The company has recently expanded its sales territories from 30, to 40, to support growth, and we look for a significant sales ramp-up from this move in the second half of this year. ATRC is also developing a hybrid ablation system that combines the company’s minimally invasive devices with endovascular tools (ablation and mapping catheters). AtriCure received conditional FDA approval for its Dual Epicardial Endocardial Persistent AF (DEEP AF) trial in May 2010. The company is moving from six to approximately 35 investigational trial sites this year. This less-invasive system is garnering a great deal of attention in the cardiac community because it enhances the survival /disability rate due to its less invasive nature.

Strong Operating Conditions
ATRC generated a per-share profit of a penny in the final quarter of 2010. This was the first time a profit had been made. The company rounded out the year with a bottom-line deficit of $0.19. This compared to a loss of $0.86 in 2009. Sales have risen from $19.2 million in 2004 (the year the company went public), to $59 million in 2010. Although we expect a combined loss of $0.10 in the first half of this year (the first-quarter deficit amounted to $0.08), we look for earnings to materialize in the second half. For the full year, AtriCure could possibly post share net of $0.10-$0.15, rising to $0.60 in 2012, on sales of $85 million.

In the first-quarter, ATRC had $15.7 million in cash on the balance sheet and a current ratio of 2.96. The long-term debt-to-total capital ratio stood at a very reasonable 27%, and we look for the company to be cash-flow positive in the final interim of 2011. Capital spending is likely to rise due to training costs associated with teaching physicians and surgeons how to use the new equipment.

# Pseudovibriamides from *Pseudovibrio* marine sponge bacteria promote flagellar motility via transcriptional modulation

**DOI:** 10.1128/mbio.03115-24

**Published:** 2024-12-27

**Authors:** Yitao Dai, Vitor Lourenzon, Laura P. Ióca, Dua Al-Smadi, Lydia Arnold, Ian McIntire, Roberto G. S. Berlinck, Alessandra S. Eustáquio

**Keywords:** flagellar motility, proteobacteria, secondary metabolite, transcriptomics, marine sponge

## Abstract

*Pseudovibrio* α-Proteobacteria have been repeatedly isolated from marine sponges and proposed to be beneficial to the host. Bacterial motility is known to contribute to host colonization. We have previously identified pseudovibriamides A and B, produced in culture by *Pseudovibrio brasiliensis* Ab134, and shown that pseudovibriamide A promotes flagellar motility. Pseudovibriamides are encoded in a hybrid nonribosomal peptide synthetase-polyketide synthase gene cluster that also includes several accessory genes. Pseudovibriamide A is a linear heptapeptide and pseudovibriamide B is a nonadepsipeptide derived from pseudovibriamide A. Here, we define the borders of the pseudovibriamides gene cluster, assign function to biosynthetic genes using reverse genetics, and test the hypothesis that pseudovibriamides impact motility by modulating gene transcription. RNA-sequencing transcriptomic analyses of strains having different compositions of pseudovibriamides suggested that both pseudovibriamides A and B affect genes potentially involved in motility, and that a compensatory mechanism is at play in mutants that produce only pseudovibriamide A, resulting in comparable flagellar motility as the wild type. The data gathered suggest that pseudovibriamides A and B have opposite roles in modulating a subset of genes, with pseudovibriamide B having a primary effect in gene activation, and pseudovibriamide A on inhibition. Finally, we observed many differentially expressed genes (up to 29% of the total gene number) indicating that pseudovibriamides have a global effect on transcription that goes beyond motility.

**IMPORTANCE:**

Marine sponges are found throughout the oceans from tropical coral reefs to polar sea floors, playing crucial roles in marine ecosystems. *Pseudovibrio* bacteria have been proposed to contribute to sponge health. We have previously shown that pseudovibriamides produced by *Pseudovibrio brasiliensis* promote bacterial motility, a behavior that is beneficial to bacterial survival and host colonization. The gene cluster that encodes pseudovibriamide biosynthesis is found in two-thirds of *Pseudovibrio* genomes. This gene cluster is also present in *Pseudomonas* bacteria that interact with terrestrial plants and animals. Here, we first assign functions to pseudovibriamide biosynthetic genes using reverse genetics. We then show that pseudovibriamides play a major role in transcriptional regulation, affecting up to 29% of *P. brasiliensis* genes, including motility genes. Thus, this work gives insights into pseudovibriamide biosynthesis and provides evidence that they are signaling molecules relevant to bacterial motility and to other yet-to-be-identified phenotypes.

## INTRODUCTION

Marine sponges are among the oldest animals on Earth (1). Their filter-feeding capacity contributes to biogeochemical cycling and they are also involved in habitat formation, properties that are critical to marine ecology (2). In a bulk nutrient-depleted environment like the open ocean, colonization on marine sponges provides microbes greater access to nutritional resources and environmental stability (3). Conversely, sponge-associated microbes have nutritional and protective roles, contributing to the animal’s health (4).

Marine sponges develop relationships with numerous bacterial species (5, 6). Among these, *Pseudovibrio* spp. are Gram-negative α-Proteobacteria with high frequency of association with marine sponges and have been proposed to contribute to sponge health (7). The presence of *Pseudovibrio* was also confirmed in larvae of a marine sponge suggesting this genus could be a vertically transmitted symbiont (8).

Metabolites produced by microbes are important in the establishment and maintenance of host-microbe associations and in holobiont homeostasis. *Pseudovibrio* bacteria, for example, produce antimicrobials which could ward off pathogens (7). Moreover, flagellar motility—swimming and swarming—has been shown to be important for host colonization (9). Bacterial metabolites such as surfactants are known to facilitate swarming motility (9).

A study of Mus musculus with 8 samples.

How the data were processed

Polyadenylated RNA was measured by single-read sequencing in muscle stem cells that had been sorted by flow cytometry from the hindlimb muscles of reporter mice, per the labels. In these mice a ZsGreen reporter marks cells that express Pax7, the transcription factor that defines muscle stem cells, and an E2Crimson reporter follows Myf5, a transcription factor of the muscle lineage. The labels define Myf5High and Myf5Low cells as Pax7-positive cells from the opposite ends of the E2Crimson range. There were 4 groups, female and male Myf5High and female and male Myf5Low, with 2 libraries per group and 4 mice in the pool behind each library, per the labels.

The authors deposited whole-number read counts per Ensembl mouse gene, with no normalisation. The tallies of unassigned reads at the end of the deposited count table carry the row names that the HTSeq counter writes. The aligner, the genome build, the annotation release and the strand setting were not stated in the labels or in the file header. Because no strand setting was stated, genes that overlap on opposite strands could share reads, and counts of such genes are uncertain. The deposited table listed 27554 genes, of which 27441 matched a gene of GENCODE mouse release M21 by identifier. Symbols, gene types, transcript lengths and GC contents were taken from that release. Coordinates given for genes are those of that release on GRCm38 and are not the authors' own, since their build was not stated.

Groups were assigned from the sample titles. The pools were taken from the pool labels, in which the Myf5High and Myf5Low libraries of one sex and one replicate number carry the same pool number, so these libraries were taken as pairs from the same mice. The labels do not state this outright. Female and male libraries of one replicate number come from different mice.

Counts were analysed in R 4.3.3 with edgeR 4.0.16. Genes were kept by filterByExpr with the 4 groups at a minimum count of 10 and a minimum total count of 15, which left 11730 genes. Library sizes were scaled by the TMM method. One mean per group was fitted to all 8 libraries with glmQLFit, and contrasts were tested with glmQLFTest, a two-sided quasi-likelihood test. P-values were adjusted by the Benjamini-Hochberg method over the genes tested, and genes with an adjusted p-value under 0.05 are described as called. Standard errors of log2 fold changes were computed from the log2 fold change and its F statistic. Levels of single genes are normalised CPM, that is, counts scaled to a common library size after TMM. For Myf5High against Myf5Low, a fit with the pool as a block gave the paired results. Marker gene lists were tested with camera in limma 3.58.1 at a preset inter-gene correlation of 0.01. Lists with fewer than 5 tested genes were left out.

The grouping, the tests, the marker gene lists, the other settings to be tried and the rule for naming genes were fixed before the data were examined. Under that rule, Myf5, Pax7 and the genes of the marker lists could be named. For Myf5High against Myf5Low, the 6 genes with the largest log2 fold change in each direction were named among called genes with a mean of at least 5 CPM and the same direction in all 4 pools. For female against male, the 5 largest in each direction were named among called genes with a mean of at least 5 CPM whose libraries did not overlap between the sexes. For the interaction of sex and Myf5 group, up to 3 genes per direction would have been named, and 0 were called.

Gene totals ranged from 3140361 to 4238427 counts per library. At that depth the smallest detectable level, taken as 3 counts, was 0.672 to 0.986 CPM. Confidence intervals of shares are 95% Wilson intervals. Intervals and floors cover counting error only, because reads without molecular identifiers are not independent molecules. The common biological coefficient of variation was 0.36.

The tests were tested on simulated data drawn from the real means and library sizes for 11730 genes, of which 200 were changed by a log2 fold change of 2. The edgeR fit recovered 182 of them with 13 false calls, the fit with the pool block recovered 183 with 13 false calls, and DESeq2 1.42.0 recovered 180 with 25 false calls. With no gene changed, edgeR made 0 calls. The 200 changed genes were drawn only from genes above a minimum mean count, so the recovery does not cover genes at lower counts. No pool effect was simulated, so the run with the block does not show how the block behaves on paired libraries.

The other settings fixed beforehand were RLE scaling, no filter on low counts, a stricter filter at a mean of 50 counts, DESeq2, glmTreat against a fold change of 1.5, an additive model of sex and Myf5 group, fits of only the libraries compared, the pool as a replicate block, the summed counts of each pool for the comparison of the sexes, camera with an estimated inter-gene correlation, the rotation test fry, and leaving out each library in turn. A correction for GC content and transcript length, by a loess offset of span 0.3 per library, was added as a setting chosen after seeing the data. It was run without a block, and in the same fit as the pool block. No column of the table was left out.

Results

Conclusion
With very solid financials, and significant earnings potential, we recommend most investors take a look at this diamond in the rough. The stock has risen threefold over the past 12 months and, should the company receive FDA approval for its AtriCLip System before yearend, the stock is liable to skyrocket based on the huge market potential of an aging population with increasing heart and circulatory problems. Meanwhile, we expect existing product revenues to continue growing at an 8%-10% average annual clip. With a Beta of only 0.75, the stock is not as volatile as one might expect for a minor player in the medical device space. We are valuing the equity on an EV/EBITDA basis (currently about 9.5x), since a profit hasn’t yet been posted.

At the time of this article’s writing, the author did not have positions in any of the companies mentioned.